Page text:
About the Author
Richard D. Estes has led wildlife-viewing safaris in Africa for many years and is one of the world's foremost experts on the social ecology of African mammals. Dr. Estes is a Research Associate at the Smithsonian Institution Conservation and Research Center, an Associate at the Harvard Museums of Natural History, and a Trustee of The Rare Species Conservatory Foundation. He lives in Peterborough, New Hampshire.
The main reason I didn't end up using this book was that we found another that was so much more captivating and useful. In our pre-trip reading, we found Cythnia Moss' "Portraits in the Wild" (Portraits in the Wild: Animal Behavior in East Africa)based on her 20+ years experience (when the book was last revised) researching elephants and observing other wildlife in a Kenyan Park just across the border from the Serengeti. This book is so well written. It is an interesting and enjoyable read (my spouse and I both read it before we went and at times were trying to beat the other to the book on a weekend afternoon). But more importantly, to me, she shows a gift for describing how the research is acquired in the field and she tells why she has selected to highlight some researcher's work over others. She also describes for which species there is little research (and the challenges) and highlights the importance of studying behavior in the wild (versus zoos). Reading this book, you gain a deep appreciation for the wildlife included in the book. There are also strong themes and interesting data points for those interested in evolution, impact of environment on development of social behavior. I became so interested that I would tell my work colleagues about all the fascinating facts until they groaned "no more about elephants!" But then, they were forwarding me articles they found elsewhere and I think the books' content was somewhat infectious. I also read about elephant family histories on her website and watched a couple of PBS documentaries that feature her work with elephants (google: Echo PBS). Also since this book was published a while ago, you can get used hardback copies for ~$2 on Amazon marketplace.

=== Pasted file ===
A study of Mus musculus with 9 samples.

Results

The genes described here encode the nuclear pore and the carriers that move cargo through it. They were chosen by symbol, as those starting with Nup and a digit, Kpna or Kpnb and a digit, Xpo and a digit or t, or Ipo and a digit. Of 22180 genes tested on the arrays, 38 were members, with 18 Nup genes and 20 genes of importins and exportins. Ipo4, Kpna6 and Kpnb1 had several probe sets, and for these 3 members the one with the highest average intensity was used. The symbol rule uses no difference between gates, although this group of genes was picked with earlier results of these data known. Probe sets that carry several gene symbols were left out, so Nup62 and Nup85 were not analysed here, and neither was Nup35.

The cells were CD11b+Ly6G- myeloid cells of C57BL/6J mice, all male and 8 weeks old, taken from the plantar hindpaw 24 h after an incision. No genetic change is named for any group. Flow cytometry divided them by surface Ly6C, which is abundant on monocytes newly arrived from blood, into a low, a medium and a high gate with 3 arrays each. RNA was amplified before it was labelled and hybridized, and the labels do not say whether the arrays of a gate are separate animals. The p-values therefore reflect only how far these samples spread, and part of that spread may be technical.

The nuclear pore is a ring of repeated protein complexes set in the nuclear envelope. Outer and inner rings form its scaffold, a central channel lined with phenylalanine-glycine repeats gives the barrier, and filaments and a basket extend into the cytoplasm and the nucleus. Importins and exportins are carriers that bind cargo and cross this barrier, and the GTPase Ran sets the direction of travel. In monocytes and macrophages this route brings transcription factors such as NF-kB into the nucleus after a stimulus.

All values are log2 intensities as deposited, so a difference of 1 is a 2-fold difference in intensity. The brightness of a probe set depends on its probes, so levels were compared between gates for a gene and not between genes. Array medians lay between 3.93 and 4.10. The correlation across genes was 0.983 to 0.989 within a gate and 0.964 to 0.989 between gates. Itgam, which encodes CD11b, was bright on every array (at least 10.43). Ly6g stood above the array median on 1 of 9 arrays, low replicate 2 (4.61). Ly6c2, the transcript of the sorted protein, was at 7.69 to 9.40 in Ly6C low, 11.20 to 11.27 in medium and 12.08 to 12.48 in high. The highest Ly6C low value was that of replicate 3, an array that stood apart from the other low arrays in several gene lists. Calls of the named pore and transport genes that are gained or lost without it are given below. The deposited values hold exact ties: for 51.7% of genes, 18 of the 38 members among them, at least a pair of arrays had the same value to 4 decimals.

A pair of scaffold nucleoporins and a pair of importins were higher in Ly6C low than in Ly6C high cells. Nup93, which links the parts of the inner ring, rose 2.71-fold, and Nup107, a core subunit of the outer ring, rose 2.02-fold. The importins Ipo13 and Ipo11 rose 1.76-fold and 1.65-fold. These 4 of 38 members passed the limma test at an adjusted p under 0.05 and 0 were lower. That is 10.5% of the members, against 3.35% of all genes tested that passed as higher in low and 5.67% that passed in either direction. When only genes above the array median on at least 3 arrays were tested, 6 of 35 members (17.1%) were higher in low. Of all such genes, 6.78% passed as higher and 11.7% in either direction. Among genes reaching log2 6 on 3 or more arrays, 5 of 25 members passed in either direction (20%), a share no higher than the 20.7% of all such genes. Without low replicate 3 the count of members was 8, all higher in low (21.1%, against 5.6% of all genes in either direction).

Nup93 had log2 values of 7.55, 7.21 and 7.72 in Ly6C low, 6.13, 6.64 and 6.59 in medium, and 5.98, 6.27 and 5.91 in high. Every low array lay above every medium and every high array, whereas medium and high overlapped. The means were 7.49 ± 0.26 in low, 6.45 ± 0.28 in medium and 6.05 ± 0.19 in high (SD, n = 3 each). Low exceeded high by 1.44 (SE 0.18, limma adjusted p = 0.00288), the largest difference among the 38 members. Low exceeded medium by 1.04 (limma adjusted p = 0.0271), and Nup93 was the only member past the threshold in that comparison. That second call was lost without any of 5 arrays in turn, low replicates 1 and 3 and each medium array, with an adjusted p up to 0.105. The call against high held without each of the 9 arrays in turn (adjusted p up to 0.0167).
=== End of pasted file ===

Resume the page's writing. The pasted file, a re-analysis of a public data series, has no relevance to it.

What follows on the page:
It is, frankly, repetitious and more than a bit boring. But such is the price of information sometimes.
The illustrations, by Daniel Otte, are quite beautiful.
In some parts of the book, there is specific information about wildlife populations. For example, in the section on Spotted Hyenas, the author reports data from one female that was tracked with a radio collar in the Ngorongoro Crater, noting how starkly different the level of activity necessary to find food was compared to hyenas in Kalhari Gemsbock National Park, where food is harder to come by. This level of scientific detail nicely complements the comprehensive descriptions of each species life and environment.
I ended buying this after borrowing it from my local library. I also purchased a Princeton Pocket Guide to Wildlife of East Africa by Withers and Hosking full of colored photos - mostly because of its vast listing of birds that are not in the Safari Companion. The Princeton Guide also has photos of many reptiles. It is clear that I will learn the most from the Safari Companion, however.
A great book!
In my opinion, if you can only take one book other than your safari journal--take this one. If you can take two, include a good field guide (like Audubon).